LINX Reflux Management System to Treat Gastro-esophageal Reflux Disease
The Food and Drug Administration today approved the LINX Reflux Management System for people diagnosed with gastroesophageal reflux disease (GERD) who continue to have chronic symptoms, despite the use of maximum medical therapy for the treatment of reflux.
GERD is a condition in which food or liquid in the stomach flows back into the esophagus. This can irritate the esophagus, causing heartburn and other symptoms.
Patients with GERD are first advised to make dietary and lifestyle changes such as losing weight, eating smaller meals and avoiding certain types of foods that may trigger symptoms. There are medications available, such as antacids and proton pump inhibitors, for those who do not respond to dietary and lifestyle measures.
Surgical treatment usually is reserved for people who have severe symptoms such as chronic GERD or a large hiatal hernia, a condition in which part of the stomach pushes upward through the diaphragm. Surgery is also an option for those who do not follow their recommended medical therapy or who want to avoid a lifetime of medical therapy.
“The LINX Reflux Management System is a sterile, single-use, surgically placed device used to treat the symptoms associated with GERD,” said Christy Foreman, director of the Office of Device Evaluation in FDA’s Center for Devices and Radiological Health. “LINX offers an option to patients and their health care providers and is an alternative to current surgical procedures.”
The LINX system is composed of a series of titanium beads, each with a magnetic core, connected together with independent titanium wires to form a ring shape. It is implanted at the lower esophageal sphincter (LES), a circular band of muscle that closes the last few centimeters of the esophagus and prevents the backward flow of stomach contents.
The force of the magnetic beads is designed to provide additional strength to keep a weak LES closed. Upon swallowing, the magnetic force between the beads is overcome by the higher pressures of swallowing forces, and the device expands to accommodate a normal swallow of food or liquid. Once the food passes though the LES, the device returns to its resting state.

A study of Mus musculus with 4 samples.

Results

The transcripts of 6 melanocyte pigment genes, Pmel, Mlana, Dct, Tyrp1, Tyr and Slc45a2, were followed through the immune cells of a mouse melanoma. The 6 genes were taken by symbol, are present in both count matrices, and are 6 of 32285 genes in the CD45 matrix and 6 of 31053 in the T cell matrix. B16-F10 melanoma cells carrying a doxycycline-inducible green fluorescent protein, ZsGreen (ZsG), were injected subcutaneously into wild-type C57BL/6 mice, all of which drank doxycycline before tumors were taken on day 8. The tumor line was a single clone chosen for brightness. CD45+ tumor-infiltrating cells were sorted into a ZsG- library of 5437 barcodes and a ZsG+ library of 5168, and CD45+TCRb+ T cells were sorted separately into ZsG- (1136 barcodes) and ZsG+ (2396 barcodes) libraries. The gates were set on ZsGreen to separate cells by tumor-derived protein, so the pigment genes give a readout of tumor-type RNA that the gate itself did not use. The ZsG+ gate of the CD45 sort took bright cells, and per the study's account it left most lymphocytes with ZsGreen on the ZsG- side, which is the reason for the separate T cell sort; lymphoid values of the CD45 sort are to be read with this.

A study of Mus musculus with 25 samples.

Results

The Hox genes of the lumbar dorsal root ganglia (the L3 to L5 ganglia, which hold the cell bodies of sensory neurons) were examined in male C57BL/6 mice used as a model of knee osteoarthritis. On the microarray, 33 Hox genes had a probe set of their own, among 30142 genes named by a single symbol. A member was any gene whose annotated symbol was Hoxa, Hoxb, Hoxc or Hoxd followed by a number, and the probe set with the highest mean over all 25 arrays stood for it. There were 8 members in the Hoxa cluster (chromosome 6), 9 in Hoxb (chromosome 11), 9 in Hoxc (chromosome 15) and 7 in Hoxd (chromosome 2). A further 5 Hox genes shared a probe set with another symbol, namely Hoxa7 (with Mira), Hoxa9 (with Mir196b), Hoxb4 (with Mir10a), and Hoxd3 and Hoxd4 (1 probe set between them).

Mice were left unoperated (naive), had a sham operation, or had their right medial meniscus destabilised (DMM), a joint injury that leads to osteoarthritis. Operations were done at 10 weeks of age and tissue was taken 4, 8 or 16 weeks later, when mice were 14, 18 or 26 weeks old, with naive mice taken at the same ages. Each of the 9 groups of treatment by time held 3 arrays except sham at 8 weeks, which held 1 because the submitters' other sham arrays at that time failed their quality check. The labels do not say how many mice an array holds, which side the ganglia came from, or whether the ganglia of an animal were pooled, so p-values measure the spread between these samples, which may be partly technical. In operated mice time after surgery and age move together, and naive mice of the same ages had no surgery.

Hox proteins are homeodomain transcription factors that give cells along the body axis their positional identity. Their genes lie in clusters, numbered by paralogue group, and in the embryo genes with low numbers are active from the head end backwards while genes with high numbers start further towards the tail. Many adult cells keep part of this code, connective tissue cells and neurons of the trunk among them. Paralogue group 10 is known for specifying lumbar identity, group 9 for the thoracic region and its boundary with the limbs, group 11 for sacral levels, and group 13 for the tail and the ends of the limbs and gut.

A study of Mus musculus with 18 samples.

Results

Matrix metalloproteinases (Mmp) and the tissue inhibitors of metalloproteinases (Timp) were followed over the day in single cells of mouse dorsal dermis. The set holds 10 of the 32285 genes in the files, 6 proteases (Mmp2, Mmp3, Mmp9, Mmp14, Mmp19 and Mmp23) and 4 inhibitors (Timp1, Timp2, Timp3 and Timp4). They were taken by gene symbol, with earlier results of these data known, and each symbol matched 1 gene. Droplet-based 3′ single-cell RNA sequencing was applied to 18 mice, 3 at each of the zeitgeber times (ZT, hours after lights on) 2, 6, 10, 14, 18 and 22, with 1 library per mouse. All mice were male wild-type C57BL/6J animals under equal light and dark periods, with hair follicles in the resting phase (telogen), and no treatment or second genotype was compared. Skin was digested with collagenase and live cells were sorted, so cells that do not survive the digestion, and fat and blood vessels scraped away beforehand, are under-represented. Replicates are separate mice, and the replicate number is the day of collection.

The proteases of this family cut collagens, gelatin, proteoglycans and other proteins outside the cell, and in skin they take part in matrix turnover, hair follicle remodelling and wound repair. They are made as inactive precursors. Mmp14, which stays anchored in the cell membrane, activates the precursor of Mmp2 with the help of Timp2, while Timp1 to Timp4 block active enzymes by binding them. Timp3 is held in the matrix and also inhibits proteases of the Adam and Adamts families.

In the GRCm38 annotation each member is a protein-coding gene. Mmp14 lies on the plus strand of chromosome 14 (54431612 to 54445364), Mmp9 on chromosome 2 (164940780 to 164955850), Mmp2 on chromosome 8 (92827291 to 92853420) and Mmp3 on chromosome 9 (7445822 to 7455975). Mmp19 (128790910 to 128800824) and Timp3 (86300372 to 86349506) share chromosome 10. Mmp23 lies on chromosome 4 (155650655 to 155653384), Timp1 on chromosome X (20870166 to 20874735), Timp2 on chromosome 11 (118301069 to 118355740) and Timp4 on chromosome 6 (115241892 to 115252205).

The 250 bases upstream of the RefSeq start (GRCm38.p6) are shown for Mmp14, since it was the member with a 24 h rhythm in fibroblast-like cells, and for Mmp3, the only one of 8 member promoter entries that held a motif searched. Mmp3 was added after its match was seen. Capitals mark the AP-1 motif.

The company conducted a feasibility study of 44 patients at four centers with a five-year follow-up plan. In addition, the company conducted a pivotal study of 100 patients at 14 centers with a five-year follow-up plan. Patients enrolled had GERD and chronic GERD symptoms, despite medical therapy. Results from both the feasibility and pivotal trials indicate that the benefits obtained with the LINX Reflux Management System outweigh its risks.
As a condition of approval, the company will institute a required training program to educate new users on patient selection, device implantation and post-procedural care of patients treated with LINX.
The most common adverse events experienced with the LINX included difficulty swallowing, pain when swallowing food, chest pain, vomiting, and nausea.
It is important to note that patients with LINX will no longer be able to undergo Magnetic Resonance Imaging (MRI) procedures. The magnetic beads interfere with the machine and can cause the device to be damaged and the patient to be injured.